Always looking for an opportunity to make political hay, North Dakota Democrats are looking to cash in on recent pipeline spills in the Bakken region.
“Following the largest saltwater spill of North Dakota’s current oil boom, state Democratic lawmakers say they will revisit measures overwhelmingly rejected two years ago that would mandate additional monitoring and safeguards,” reports James MacPherson of the Associated Press. “House Assistant Minority leader Cory Mock told The Associated Press on Thursday that Democrats plan to introduce legislation by Monday that would require flow meters and cutoff switches on pipelines that carry oilfield wastewater.”
[mks_pullquote align=”right” width=”300″ size=”24″ bg_color=”#000000″ txt_color=”#ffffff”]”We need to figure out why these spills keep happening, and what if any public policy can be implemented to help stop them. And when Democrats can start seeing past the ends of their partisan noses on the issue, maybe they can join the debate.”[/mks_pullquote]
Obviously, nobody likes these spills. This is something people of all political stripes want to remedy. The problem is that Democrats, including Rep. Mock, aren’t proposing serious policy in response. And in the absence of serious policy, this looks suspiciously like a knee-jerk effort to glom onto some headlines for political reasons.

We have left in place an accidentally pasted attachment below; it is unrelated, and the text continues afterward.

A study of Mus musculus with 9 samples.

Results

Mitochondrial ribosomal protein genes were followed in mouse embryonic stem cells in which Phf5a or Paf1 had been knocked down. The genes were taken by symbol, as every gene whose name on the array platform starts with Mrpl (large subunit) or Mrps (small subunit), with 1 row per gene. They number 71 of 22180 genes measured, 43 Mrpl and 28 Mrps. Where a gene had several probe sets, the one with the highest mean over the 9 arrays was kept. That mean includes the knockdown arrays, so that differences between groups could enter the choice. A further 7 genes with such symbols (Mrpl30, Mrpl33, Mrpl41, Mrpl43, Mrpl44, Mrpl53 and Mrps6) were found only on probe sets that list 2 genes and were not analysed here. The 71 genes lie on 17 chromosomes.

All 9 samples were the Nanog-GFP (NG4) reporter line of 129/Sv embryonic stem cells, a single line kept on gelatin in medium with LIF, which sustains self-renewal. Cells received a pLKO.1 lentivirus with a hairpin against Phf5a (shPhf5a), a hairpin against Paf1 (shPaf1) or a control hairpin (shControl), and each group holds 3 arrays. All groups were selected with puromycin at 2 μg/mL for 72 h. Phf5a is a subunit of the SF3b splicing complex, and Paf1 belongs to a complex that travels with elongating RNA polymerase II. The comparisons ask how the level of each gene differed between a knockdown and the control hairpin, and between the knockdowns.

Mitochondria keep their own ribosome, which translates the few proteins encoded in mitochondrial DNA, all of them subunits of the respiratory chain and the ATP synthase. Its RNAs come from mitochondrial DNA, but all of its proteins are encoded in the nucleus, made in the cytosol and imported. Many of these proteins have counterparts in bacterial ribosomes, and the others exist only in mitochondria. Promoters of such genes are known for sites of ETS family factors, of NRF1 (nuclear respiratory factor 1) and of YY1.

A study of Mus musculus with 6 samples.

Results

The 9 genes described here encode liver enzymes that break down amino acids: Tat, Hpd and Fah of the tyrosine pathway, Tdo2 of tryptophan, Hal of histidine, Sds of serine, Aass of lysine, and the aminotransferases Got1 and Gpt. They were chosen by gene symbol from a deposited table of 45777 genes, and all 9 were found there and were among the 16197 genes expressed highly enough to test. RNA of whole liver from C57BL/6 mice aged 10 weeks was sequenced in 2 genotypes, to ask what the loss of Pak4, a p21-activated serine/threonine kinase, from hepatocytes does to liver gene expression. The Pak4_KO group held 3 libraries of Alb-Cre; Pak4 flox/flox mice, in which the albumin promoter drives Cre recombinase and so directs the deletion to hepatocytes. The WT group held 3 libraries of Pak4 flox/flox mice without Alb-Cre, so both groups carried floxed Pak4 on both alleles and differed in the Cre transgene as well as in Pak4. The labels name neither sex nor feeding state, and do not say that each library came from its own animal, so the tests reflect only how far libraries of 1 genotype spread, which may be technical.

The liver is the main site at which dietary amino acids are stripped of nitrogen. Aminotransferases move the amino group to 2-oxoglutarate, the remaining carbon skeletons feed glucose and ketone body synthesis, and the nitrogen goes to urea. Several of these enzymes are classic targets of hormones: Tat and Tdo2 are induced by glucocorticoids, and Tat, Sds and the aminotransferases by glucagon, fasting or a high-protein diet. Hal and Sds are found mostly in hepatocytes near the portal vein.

Why isn’t this policy serious? Because it has been proposed and rejected before, for one thing. Legislation proposing flow meters and cutoff switches failed miserably in the Legislature during the 2013 session, with a wide majority including 22 of the 23 Democrats in the House voting “no” on the bill.
But more importantly, flowmeters and cutoff switches don’t work. Democrat Agriculture Commission candidate Ryan Taylor learned this lesson the hard way during the 2014 campaign season. After a saltwater spill in Mandaree, Taylor attempted to grandstand on the negative headlines the same way Mock and legislative Democrats are now. He said that if elected Agriculture Commissioner he would use his seat on the Industrial Commission to push for flowmeters and cutoff switches.
What Taylor didn’t know, to his chagrin, was that the Mandaree pipeline was already equipped with flowmeters and cutoff switches. They didn’t stop the spill.
After Taylor embarrassed himself on this issue in 2014, it’s hard to wonder why Democrats are trotting it out again during the 2015 session. Maybe it’s just partisan muscle reflex. Or maybe this is why Democrats can’t seem to climb out of the super-minority in state government.
Regardless, it’s clear that the industry is already using these devices to some degree (I’d be interested in knowing if they were present in the recent pipeline spills). But if they’re the cure-all Democrats seem to think they are, wouldn’t the industry be using them more widely? Or are we to believe that the oil industry is willing to accept the hugely negative headlines which come along with each spill, not to mention the cost of damages and cleanup, for want of implementing these devices?
That’s a little hard to swallow.
We need to figure out why these spills keep happening, and what if any public policy can be implemented to help stop them. And when Democrats can start seeing past the ends of their partisan noses on the issue, maybe they can join the debate.